How Wells Fargo Is Dealing With Its Fake Accounts Scandal

October 3, 2018, 12:30 AM UTC
Wells Fargo's Mary Mack speaks about the company's fake accounts scandal at Fortune's 2018 Most Powerful Women Summit.
Wells Fargo's Mary Mack speaks about the company's fake accounts scandal at Fortune's 2018 Most Powerful Women Summit.
Stuart Isett for Fortune Most Powerful Women

Mary Mack, a senior executive vice president at Wells Fargo who heads Community Banking and Consumer Lending at the bank, compares her past two years at the company to being in a “hurricane.”

She took the job in the summer of 2016, three weeks before the Wells Fargo phony accounts scandal—in which bank employees created millions of unauthorized bank and credit card accounts—became big news. Mack didn’t know about the issues when she took the job, though she’s spent much of the time since dealing with fallout from the scandal and working to win back the trust of the bank’s customers, employees, and other stakeholders.

That effort has been considerable and multi-faceted Mack told an audience at Fortune’s Most Powerful Women Summit in Laguna Niguel, Calif., on Tuesday. “People ask me, ‘What’s the most important thing you did?’ It’s a lot of things that began to build a story that said ‘We’ve got your back, just trust us.’”

One important and swiftly executed early step was changing the compensation plan for Mack’s 72,000 employees—in three days. She had a “really smart” team that accomplished that over a weekend in September 2016, and the bank rolled out the new plan to its 6,200 locations on Monday.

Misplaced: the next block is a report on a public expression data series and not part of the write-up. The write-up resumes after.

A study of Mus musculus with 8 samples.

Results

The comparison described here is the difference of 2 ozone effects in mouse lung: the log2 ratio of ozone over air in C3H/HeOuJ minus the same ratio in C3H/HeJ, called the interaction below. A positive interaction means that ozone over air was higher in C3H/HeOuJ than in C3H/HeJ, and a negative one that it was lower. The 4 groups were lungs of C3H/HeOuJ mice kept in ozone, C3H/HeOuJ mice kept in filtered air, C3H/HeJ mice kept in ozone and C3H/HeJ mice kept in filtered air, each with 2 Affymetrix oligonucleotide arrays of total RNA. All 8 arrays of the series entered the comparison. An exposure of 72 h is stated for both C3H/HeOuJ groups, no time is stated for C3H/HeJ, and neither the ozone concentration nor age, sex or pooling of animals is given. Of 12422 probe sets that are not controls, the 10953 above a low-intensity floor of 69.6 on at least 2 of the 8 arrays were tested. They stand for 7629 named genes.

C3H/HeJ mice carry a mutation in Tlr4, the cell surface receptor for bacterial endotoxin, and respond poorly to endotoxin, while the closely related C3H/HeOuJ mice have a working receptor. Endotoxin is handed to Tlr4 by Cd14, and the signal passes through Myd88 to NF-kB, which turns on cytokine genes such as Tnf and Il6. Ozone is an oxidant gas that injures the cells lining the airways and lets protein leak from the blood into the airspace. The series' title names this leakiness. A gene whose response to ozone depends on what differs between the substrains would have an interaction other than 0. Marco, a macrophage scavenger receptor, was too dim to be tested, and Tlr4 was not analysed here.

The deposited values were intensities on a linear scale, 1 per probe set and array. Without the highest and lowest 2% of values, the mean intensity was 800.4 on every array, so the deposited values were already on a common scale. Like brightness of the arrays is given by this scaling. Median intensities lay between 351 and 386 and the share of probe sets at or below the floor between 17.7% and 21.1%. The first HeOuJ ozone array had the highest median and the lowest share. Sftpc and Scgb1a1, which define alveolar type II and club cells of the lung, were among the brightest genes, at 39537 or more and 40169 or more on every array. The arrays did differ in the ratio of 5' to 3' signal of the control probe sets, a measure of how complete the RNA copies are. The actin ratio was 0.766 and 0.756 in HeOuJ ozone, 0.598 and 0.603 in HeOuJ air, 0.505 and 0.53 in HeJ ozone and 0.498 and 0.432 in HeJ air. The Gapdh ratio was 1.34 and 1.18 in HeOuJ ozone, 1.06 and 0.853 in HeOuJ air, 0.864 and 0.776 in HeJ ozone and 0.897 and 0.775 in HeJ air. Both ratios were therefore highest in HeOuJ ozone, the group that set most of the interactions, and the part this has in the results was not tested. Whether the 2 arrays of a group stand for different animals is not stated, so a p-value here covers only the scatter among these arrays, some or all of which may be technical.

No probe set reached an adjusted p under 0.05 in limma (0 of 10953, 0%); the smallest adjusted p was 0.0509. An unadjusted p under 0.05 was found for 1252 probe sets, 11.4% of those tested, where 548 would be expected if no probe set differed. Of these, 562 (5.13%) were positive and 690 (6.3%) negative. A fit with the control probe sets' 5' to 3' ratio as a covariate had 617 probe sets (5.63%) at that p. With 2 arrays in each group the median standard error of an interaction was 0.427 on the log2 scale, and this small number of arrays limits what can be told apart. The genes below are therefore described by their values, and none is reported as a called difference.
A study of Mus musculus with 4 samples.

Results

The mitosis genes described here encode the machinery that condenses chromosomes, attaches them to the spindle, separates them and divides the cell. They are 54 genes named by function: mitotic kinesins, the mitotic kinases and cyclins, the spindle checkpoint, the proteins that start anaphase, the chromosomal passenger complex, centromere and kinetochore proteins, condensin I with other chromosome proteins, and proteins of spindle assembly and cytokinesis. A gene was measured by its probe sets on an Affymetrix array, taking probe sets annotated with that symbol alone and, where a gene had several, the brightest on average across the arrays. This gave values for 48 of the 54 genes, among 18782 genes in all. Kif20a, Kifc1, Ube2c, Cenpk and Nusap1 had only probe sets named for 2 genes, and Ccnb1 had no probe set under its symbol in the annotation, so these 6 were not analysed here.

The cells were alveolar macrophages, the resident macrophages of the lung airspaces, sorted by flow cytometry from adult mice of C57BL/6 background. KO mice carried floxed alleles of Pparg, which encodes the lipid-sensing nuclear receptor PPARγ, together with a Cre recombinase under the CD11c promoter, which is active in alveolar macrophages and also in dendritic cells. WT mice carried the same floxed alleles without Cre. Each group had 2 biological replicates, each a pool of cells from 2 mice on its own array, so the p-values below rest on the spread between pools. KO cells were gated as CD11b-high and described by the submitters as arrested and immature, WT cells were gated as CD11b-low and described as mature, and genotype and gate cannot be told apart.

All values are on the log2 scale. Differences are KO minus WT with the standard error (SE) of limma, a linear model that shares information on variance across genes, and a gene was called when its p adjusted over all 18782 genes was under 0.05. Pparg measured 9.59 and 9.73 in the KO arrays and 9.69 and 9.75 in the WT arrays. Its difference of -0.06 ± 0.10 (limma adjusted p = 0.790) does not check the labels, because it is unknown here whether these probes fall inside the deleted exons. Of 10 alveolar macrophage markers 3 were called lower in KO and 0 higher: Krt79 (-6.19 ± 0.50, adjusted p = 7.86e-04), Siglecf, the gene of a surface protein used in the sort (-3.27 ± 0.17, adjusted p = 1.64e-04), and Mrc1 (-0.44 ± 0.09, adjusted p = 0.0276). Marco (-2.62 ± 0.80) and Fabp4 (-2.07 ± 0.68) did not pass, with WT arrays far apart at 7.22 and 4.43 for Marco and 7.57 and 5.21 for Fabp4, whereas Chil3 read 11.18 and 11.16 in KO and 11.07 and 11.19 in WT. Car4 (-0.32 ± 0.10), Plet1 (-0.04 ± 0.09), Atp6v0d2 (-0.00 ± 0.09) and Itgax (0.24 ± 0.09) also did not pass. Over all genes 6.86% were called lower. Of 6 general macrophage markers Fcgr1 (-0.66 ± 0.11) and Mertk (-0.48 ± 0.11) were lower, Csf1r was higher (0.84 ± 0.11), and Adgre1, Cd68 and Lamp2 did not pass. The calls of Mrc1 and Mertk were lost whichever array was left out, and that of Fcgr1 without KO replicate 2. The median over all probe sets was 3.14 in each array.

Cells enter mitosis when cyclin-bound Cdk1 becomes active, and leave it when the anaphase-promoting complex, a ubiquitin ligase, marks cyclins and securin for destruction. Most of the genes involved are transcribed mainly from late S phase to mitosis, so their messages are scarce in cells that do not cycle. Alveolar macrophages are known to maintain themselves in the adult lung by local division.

“We needed to send a really strong message to our stakeholders, investors, team members, to our regulators, to the elected officials, around the fact that we did have a flawed incentive plan around sales goals and that was done,” said Mack.

She also stressed the importance of the company’s apology tour—that is what stakeholders wanted to hear, she said—and her listening tour, which has involved visiting hundreds of branches and talking with thousands of team members. In the beginning, these interactions were about figuring out what was happening; later on, it became about building trust.

She added that she was very conscious about being as transparent as possible and not making any “big reveals” to employees that served 2.2 million Wells Fargo customers every day. She wanted them to feel engaged and to have a voice. She brought in a team to reinvent the process in which the bank was engaging with its customers.

“My worry has been not just fixing things,” she said, “but fixing things forward.”